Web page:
New York Phil's North Korean Update (Updated)

Kim Il Jong and BeethovenYesterday the New York Philharmonic announced that a deal had been made with the "Democratic People's Republic" of Korea to broadcast the New York Philharmonic's concert (February 26th) live on national (state- what else is there) Television. Daniel J. Wakin also reported on this in today's New York Times.

This about three, four days after the latest of several critical articles about the New York's concert appeared in the Washington Times - explicitly mentioning the lamentable lack of a broadcast in North Korea. Correlation/Causation, anyone?

The question remains how truly public even a TV broadcast can be in North Korea. There are an estimated quarter- to half-million TV sets in North Korea, likely in the hands of the privileged, party line toeing upper bureaucratic echelons. To be truly meaningful, the NYPhil concert would have to be broadcast on national NK radio, which reaches anywhere up to four million people.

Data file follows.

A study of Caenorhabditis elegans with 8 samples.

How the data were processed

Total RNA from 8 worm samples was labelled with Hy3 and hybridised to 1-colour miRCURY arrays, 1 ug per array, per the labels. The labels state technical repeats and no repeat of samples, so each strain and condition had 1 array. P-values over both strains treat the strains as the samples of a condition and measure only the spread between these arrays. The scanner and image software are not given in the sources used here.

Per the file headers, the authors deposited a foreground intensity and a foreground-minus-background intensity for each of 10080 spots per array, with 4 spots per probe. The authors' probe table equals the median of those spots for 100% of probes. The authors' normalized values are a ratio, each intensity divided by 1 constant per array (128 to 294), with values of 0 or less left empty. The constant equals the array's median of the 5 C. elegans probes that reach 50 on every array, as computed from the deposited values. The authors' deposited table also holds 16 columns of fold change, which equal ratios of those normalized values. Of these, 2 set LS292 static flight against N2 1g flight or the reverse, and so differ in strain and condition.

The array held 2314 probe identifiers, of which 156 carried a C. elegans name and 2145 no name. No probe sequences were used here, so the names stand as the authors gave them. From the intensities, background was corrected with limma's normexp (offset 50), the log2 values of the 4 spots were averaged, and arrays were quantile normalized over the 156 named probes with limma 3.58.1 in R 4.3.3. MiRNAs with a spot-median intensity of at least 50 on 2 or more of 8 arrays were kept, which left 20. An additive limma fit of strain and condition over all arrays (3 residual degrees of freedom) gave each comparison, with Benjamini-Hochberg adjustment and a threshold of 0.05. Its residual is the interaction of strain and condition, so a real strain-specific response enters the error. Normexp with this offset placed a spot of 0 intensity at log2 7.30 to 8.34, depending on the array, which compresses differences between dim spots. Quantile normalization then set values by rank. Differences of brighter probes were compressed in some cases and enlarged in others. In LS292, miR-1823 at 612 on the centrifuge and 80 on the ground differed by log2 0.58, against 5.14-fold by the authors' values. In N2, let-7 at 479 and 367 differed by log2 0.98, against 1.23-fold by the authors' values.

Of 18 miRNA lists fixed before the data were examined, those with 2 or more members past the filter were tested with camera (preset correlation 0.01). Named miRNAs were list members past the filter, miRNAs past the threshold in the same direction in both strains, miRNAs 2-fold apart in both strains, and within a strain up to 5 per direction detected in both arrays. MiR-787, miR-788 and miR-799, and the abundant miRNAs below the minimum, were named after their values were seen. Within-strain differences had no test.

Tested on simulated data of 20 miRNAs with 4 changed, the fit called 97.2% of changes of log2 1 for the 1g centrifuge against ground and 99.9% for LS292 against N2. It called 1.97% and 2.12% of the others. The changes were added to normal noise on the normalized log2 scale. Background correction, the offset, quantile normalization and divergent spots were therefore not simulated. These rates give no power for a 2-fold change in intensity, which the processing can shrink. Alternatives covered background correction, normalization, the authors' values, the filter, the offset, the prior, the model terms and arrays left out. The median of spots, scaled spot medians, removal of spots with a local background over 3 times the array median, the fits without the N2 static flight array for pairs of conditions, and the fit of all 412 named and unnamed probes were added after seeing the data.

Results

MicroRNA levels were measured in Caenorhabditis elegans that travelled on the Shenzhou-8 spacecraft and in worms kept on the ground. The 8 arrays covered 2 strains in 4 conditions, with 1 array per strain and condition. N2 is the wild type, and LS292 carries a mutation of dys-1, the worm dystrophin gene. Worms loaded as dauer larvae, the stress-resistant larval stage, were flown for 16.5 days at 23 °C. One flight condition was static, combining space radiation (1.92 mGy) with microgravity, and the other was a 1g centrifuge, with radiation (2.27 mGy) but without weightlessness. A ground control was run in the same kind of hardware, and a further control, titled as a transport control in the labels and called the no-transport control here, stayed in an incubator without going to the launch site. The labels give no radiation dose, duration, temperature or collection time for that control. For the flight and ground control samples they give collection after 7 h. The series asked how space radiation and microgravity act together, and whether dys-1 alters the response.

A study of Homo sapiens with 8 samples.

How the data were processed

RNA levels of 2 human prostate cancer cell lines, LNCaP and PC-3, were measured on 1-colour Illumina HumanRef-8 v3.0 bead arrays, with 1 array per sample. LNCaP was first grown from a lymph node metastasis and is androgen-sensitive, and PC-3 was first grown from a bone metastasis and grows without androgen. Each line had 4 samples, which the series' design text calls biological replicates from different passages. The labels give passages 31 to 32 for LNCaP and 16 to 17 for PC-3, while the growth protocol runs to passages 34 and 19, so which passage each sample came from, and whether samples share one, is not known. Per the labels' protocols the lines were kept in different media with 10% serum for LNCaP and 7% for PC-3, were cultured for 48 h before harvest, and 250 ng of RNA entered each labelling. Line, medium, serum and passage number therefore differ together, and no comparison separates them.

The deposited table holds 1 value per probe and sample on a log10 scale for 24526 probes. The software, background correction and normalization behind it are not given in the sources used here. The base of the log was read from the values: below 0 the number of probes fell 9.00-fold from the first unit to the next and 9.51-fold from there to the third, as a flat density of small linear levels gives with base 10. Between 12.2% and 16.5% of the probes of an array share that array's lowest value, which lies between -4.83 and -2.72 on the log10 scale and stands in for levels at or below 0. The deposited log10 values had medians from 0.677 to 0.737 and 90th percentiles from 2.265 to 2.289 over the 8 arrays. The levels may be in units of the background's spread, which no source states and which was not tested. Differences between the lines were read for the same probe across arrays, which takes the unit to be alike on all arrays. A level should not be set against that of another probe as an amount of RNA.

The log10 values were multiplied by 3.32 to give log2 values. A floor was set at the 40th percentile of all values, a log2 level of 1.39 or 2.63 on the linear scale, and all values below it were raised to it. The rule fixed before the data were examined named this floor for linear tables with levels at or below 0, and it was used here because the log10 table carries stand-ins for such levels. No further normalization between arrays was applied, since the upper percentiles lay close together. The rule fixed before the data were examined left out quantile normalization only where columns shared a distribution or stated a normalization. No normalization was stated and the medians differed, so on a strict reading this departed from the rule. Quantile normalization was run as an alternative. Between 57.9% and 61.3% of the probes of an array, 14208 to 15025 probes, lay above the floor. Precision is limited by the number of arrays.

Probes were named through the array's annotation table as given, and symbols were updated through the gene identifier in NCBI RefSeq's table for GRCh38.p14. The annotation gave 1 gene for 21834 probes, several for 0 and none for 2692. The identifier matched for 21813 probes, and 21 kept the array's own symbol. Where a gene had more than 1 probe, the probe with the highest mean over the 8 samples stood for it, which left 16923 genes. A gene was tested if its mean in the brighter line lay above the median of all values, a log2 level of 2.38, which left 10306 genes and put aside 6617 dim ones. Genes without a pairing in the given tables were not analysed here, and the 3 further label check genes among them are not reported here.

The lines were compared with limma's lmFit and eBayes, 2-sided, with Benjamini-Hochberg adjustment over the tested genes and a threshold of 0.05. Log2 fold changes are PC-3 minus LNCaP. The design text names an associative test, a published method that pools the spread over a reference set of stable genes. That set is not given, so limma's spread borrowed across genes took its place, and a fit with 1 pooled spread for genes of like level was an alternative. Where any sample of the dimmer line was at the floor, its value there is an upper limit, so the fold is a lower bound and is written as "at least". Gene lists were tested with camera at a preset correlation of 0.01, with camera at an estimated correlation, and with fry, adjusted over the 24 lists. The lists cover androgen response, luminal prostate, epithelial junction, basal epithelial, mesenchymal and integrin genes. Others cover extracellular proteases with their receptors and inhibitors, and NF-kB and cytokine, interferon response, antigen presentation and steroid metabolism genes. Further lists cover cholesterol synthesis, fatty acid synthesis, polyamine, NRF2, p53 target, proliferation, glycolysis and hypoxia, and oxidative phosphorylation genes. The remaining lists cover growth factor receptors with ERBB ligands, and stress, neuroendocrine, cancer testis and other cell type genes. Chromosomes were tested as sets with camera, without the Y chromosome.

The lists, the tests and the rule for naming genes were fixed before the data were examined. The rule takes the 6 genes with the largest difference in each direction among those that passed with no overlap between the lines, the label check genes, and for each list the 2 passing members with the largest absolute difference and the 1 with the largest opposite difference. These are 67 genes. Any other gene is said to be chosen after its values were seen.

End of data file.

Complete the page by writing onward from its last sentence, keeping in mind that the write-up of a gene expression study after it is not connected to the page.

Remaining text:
The TV broadcast takes the concert from being a cultural diplomacy bunt to a base hit. A radio broadcast might bring it to third base, anyway - though a home-run would still require music that speaks more strongly the language of freedom. Beethoven's Fidelio Overture, maybe. Or a choir to perform something catchy from, say, Nabucco?


Update, February 22nd:
Read the article in the Far Eastern Economic Review that makes more or less the same point.

2 comments:

Charles T. Downey said...

Fantasy programming is so much fun. If you had a chorus, how about the Patria oppressa chorus of the Scottish exiles from Verdi's Macbeth?

jfl said...

Accompanied by an unexplained purge of all Italian speakers in NK, an hour before the broadcast.